Facebook …friendship or communication tool? Stage | guardian.co.uk

Critics shouldn’t befriend artists |Stage |guardian.co.uk:

“As a woman of reasonable drive and sanity, I try not to spend too much time on Facebook. I’ll log on weekly to see which friends have a birthday approaching (felicitations, Peter and Lars) or to post an update. And for a while I really liked that Slayers game, Zombies Must Die! But lately I find myself forced to visit the site for an uncomfortable purpose: declining ‘friend requests’ from actors, directors, playwrights and publicists.

Why not just hit ‘accept’? Yes, many of these people are unknown to me, but so are several of the erstwhile classmates I cheerfully agreed to ‘befriend’. And many are known to me and very likable – a category that includes, remarkably, several publicists. But I write for publications with strict codes of ethics – chiefly, the New York Times – and they don’t look too kindly on pals profiling pals. Yet, to friend or not to friend is really a modern gloss on a much older dilemma: what is the appropriate relationship between the artist and the critic?”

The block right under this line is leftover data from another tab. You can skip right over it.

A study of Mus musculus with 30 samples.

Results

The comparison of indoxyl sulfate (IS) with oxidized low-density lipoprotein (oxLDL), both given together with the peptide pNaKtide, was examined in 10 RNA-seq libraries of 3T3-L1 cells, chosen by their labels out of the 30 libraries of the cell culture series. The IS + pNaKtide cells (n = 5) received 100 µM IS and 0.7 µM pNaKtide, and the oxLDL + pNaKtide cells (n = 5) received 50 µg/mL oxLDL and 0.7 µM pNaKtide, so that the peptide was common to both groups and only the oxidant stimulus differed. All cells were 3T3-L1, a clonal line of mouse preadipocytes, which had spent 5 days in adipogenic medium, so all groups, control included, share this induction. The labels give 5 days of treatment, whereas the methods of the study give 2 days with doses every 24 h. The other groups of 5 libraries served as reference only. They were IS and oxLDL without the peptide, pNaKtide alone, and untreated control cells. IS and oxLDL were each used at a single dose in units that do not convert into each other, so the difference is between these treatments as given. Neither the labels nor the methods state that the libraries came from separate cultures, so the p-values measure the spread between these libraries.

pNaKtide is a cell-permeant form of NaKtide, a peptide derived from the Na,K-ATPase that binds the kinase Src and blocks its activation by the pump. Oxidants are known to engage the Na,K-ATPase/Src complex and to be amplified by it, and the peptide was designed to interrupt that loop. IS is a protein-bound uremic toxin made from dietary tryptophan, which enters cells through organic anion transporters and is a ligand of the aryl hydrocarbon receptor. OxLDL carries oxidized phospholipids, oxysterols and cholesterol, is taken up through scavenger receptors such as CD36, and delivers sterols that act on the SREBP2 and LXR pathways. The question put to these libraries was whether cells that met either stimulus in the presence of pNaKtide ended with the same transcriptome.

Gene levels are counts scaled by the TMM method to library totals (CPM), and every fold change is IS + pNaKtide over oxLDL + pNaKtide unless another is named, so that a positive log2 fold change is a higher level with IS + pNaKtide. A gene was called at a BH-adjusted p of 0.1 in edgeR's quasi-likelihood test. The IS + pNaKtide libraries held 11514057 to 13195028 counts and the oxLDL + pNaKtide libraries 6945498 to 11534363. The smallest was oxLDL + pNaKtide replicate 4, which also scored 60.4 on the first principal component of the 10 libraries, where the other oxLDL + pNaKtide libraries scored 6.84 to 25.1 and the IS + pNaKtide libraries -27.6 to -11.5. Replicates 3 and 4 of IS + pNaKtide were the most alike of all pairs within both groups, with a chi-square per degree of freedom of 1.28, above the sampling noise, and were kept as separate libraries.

This is an interesting dilemma. I am getting to the point that I don’t necessarily see a Facebook Friend Request so much as a request to be my “friend” as much as a request to have approved communication. More and more I am finding people that have my email address, and phone number, and mailing address (it’s all on my website) using Facebook (or MySpace) messages to contact me. The addition of another layer of technology is mildly annoying, but it seems to be a somewhat necessary annoyance. Apparently this is how people want to communicate, and if I want to be accessible, I need to be accessible there.

Thoughts? Leave a comment, or email me…or friend me so we can message each other.